One man whose name is synonymous with hospitality and another whose company is one of the most highly regarded in the financial services and retirement planning industry are this year's Kansas Business Hall of Fame (KBHF) inductees at Emporia State University.
The late Fred Harvey, founder of the Harvey House restaurant and hotel chain, and Howard R. Fricke, past chairman of Security Benefit of Topeka, will be recognized at the KBHF induction ceremony Tuesday, June 17 at Emporia State University, in conjunction with the Kansas Cavalry encampment.
Gov. Kathleen Sebelius will attend the ceremony to recognize and honor these two Kansas business leaders who have added to the business community's prestige and growth.
"This is the 20th year for the Kansas Business Hall of Fame induction ceremony," said Bill Barnes, KBHF executive director. "The Hall of Fame induction spotlights the achievement of people who have been instrumental in the development of business in the state of Kansas," Barnes added.
Fred Harvey: Restaurant Owner and Entrepreneur
Fred Harvey's chain of Harvey House restaurants and hotels traced the Santa Fe Railroad's expansion westward in the 1870s. For nearly a century, Harvey's company served good food at reasonable prices in clean, elegant restaurants to the travelling public throughout the Southwest. They also brought civilization, community and industry to the Wild West.
Mr. Harvey was born in 1835. He left his native England for the United States when he was 15 years old and began working in the restaurant business in New York. While the Civil War was bad for restaurants, it was good for railroads, and Harvey made a career change. As the rails moved west, Harvey rose higher in the railroad business, but he never forgot his roots as a restaurateur. Given the sorry state of eating establishments for train travelers in the day, Harvey realized rail passengers needed quality food service on their journeys.
His longtime employer, the Burlington Railroad, declined Harvey's offer of establishing a system-wide eating house operation at all railroad meal stops. But it was Harvey's later association with the Atchison, Topeka and Santa Fe Railway that led to the development of several eating houses on an experimental basis. At its peak, this first-ever restaurant chain included 84 Harvey Houses, all of which catered to wealthy and middle-class visitors alike.
The chain's "Harvey Girls," waitresses dressed in plain black uniforms with crisp, white collars and aprons, were the signature feature of Harvey House lore. Trained to handle hungry crowds of rail passengers quickly, efficiently and politely, the Harvey Girls became a symbol of the restaurant chain's respected reputation.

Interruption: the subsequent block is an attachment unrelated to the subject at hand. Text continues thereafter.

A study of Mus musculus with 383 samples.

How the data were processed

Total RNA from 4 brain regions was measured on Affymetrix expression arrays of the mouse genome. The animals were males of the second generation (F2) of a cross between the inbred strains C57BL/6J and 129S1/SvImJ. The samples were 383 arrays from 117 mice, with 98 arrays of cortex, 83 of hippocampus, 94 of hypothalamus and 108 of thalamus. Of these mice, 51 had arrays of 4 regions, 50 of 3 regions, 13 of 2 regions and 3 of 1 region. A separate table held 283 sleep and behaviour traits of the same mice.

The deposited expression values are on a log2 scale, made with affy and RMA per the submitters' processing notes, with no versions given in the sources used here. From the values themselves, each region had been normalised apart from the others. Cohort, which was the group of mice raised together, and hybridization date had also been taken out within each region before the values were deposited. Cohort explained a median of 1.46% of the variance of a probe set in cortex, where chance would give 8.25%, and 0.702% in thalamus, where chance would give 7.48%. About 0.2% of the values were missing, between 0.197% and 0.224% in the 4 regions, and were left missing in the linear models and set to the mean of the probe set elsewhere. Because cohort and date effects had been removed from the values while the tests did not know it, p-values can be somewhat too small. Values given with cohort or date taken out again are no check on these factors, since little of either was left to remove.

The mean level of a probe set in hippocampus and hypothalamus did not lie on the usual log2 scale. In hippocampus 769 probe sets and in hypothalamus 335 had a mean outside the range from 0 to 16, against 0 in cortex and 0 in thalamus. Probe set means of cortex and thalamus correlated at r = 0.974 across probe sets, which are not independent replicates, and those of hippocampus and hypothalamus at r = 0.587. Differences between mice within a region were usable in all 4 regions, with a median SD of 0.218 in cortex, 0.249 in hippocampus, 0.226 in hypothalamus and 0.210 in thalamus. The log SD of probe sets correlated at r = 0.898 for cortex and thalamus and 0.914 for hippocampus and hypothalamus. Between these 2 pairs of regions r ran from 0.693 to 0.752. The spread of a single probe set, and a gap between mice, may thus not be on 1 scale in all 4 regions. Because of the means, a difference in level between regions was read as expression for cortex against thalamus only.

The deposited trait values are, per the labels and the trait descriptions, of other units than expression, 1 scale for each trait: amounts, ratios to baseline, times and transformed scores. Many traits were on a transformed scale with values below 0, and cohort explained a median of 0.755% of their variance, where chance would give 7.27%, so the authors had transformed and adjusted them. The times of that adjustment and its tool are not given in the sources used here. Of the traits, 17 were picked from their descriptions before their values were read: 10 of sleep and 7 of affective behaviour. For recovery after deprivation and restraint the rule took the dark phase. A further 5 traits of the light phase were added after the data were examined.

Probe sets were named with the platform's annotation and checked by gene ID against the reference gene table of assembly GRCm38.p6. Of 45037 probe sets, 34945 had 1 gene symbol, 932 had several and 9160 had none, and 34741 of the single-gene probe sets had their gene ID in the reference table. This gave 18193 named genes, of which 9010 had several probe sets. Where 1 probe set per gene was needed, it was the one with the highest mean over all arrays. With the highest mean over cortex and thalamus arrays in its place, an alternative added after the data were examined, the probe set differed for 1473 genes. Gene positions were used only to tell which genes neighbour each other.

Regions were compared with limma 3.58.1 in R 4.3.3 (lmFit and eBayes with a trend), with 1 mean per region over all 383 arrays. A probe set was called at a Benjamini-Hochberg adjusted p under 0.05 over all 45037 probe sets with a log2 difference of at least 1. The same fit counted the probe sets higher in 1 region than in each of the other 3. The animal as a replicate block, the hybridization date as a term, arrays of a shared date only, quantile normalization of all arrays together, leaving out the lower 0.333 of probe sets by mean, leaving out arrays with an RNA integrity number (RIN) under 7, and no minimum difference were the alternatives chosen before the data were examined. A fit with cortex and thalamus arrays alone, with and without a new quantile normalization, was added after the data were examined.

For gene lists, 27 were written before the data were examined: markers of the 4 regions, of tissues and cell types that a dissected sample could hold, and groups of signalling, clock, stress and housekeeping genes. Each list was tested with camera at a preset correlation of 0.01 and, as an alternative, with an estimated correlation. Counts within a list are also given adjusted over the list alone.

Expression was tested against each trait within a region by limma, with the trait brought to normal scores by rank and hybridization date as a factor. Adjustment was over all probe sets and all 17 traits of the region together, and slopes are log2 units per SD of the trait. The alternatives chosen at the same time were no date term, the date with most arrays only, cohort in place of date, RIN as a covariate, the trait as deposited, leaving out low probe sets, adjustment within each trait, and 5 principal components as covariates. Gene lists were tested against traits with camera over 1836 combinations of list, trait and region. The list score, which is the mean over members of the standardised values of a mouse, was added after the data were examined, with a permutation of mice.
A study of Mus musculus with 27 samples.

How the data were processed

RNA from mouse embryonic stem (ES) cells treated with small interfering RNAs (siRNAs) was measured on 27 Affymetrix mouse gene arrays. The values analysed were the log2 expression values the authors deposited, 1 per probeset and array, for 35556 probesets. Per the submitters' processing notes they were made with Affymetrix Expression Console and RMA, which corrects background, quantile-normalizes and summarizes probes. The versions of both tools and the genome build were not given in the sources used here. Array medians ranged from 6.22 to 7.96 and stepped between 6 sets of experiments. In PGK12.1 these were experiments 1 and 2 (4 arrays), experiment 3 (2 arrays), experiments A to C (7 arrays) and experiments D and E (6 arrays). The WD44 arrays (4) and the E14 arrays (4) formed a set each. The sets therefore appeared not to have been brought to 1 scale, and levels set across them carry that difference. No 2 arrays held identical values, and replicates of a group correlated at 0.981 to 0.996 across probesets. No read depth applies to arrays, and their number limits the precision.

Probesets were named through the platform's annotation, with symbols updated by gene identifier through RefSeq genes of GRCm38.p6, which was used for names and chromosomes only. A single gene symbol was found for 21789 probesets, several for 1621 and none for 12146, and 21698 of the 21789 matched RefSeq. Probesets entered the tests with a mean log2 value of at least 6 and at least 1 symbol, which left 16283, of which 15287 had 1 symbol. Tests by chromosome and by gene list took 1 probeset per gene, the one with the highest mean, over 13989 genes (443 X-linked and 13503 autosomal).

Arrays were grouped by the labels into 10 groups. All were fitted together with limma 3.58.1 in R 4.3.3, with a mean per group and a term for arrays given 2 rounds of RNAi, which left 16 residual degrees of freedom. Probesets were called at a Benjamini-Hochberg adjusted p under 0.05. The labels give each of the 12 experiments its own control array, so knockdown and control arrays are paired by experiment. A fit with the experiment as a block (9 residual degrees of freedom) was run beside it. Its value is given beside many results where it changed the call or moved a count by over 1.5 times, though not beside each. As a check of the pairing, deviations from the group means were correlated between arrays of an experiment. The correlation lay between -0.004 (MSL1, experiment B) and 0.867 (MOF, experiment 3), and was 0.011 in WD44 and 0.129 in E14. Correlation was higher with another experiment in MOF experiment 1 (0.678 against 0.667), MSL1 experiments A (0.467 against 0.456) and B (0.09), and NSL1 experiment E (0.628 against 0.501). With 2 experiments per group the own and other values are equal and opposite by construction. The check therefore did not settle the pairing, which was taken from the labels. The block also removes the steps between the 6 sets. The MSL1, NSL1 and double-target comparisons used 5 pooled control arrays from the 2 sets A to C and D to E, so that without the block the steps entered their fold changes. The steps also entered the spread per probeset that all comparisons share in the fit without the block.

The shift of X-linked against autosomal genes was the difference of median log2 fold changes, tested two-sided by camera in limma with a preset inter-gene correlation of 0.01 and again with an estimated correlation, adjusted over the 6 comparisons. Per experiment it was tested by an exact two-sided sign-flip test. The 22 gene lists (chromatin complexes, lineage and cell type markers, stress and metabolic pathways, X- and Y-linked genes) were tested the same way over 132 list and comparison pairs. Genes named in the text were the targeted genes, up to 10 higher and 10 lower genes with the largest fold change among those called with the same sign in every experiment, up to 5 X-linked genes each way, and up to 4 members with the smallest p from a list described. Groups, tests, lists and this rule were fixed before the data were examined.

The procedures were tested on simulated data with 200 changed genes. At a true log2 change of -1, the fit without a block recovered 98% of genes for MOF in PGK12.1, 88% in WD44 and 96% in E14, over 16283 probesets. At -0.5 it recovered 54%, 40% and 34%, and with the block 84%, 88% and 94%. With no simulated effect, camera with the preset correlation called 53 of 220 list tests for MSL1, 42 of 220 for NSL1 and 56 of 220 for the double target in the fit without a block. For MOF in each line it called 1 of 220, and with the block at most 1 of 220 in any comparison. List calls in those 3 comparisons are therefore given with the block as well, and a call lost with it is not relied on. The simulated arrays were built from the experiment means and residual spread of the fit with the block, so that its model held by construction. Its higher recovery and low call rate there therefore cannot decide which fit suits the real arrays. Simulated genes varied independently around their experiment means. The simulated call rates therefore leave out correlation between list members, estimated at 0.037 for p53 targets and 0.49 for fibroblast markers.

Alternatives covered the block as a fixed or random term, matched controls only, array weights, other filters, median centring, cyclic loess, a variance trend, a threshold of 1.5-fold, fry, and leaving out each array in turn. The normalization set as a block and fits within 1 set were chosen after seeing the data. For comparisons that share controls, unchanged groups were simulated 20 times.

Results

Harvey died in 1901, but the Harvey brand continued to be associated with the hospitality industry through the 1960s, reinventing itself numerous times to respond to trends in business and leisure travel.
Howard R. Fricke: Business and Civic Leader
"In the competitive world of business and finance, Howard Fricke has a reputation for inspiring others," wrote the Topeka Capital-Journal's Michael Hooper in a 2000 article naming Fricke as the most powerful person in Kansas' capital city. Fricke led Security Benefit, one of the most highly regarded companies in the financial services and retirement planning industry, as Chairman of the Board until 2006.
Described as an effective leader who knows how to empower other people, Fricke joined Security Benefit as chief executive officer in 1988. By the time he stepped down as board chairman in 2006, his innovative leadership helped the company's assets grow from $2 billion to more than $15 billion.
Both Fortune magazine and Working Mother magazine selected Security Benefit as one of the 100 best companies to work for in America.
Fricke was born near Springfield, Ill., and is a graduate of Illinois Wesleyan University and the Harvard University Graduate School of Business, Advanced Management Program.
A leader in the Topeka community, Fricke set the pace for Security Benefit's nationally recognized volunteer program. He served as a director of the Menninger Foundation and Stormont-Vail HealthCare, and is chairman of the board for Collective Brands, Inc. (formerly Payless ShoeSource). Fricke is past chairman of both the United Way of Greater Topeka and the Greater Topeka Chamber of Commerce.
Fricke has headed two state government agencies. He served as Secretary of the Kansas Department of Administration, and as Kansas Secretary of Commerce.
About the Kansas Business Hall of Fame
The Kansas Business Hall of Fame is located at Emporia State University. Business leaders selected for the KBHF are widely known for their contributions to Kansas, and are recognized as role models. The KBHF recognizes historical contributors and present-day leaders who have made private enterprise work in Kansas and throughout the country.
Previous inductees include such prominent Kansans as Pizza Hut founders Dan and Frank Carney, Clara and Russell Stover of Russell Stover Candies, Don Hall of Hallmark Cards, Clyde Cessna of Cessna Aircraft Co., Walter Chrysler, founder of the Chrysler Corp., and William Allen White, entrepreneur and Pulitzer Prize-winning editor of the Emporia Gazette.
The only program of its kind in the state of Kansas, the Kansas Business Hall of Fame serves as a chapter of the American National Business Hall of Fame.